Zama oil discovery – Mexico

Figure 1 – Location of Zama oil discovery.

New discovery insights from analogs

Talos Energy and its partners, Premier Oil and Sierra Oil and Gas, have announced a world-class oil discovery at its Zama prospect, in Block 7, offshore Mexico (see Figure 1). The Zama-1 well is the first offshore exploration well drilled by the private sector in Mexico’s history – a great start for exploration investors in Mexico. The C&C Reservoirs global knowledge base DAKS  has been employed to review the Zama discovery and benchmark the recovery factor and development practices that could enhance the recoverable oil. We used the DAKS proprietary workflow of Capture > Search > Analyze > Insight to provide this brief review.

Knowledge capture

By the 17th of July 2017 the following (see Figure 2) has been released on the Zama -1 well: Figure 2 presents an implied recoverable volume of 350 – 800 MMBBL. Does this capture the full range and is there further potential upside? Analogs can help to answer this question.

Figure 2 - Table of released Zama-1 parameters


Using the DAKS classification system, we quickly located all global fields with similar lithology, fluid and engineering parameters. These will be the population of applicable global reservoir analogs that can be used for benchmarking and further insight. The population of applicable global reservoir analogs can be further refined based on the challenge that is being addressed. Proximal analogs rarely provide sufficient information hence a global view is needed. For example, Zama is located in the Salinas Basin (see Figure 3) where the existing discoveries are dominated by the Cantarell complex. These are fractured breccias and as such are not applicable analogs for Zama.

Figure 3 – Map of applicable global reservoir analogs.

Analysis: Benchmarking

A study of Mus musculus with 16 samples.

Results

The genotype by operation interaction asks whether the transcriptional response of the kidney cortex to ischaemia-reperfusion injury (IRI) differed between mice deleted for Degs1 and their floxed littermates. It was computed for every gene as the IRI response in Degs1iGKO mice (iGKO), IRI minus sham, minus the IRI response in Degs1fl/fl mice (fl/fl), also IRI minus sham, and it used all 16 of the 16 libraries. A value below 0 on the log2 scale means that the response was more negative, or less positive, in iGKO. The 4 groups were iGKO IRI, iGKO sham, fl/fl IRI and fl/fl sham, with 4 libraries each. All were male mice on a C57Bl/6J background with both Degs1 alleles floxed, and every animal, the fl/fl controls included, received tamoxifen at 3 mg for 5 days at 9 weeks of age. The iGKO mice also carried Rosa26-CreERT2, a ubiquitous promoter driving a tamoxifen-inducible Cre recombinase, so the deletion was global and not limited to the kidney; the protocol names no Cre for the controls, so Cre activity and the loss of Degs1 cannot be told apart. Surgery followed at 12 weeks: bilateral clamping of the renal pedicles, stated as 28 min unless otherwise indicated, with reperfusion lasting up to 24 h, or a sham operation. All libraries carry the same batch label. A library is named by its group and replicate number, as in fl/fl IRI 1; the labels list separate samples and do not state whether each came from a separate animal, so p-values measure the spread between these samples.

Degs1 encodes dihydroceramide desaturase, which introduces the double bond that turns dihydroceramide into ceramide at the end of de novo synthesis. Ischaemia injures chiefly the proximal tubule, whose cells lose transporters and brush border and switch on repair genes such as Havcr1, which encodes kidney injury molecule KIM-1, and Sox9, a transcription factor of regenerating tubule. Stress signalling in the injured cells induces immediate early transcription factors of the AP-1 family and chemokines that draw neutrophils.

The Zama discovery is in shallow water depths and an initial recovery factor of 40% has been suggested. In these shallow water depths and deploying latest technology, is a higher economic recovery factor possible? The recovery factor histogram (see Figure 4) from the applicable global reservoir analogs shows that the average re-covery factor achieved is 38%, but the upper range exceeds 60%. More detail on the recovery factor by development scenarios employed and the incremental recovery achieved through the application of improved recovery or enhanced oil recovery techniques can be learned from these analogs.

Figure 4 – Recovery Factor Histogram.


We note that the Miocene sandstone play type seen in the Zama oil discovery has numerous global analogs. These show the recovery factor may exceed the originally estimated 40%. For those fields that have exceeded 40%, their reservoir management best practices indicate continuous water injection and horizontal wells have had the greatest impact. Also, a number of the analog reservoirs require sand control or stimulation due to clay plugging. With further geological detail from Zama-1 (such as porosity, permeability, clay mineral component and diagenetic history) these features could be further evaluated using analogs (see Figure 5).

Figure 5 – Characterization table for improved recovery parameters.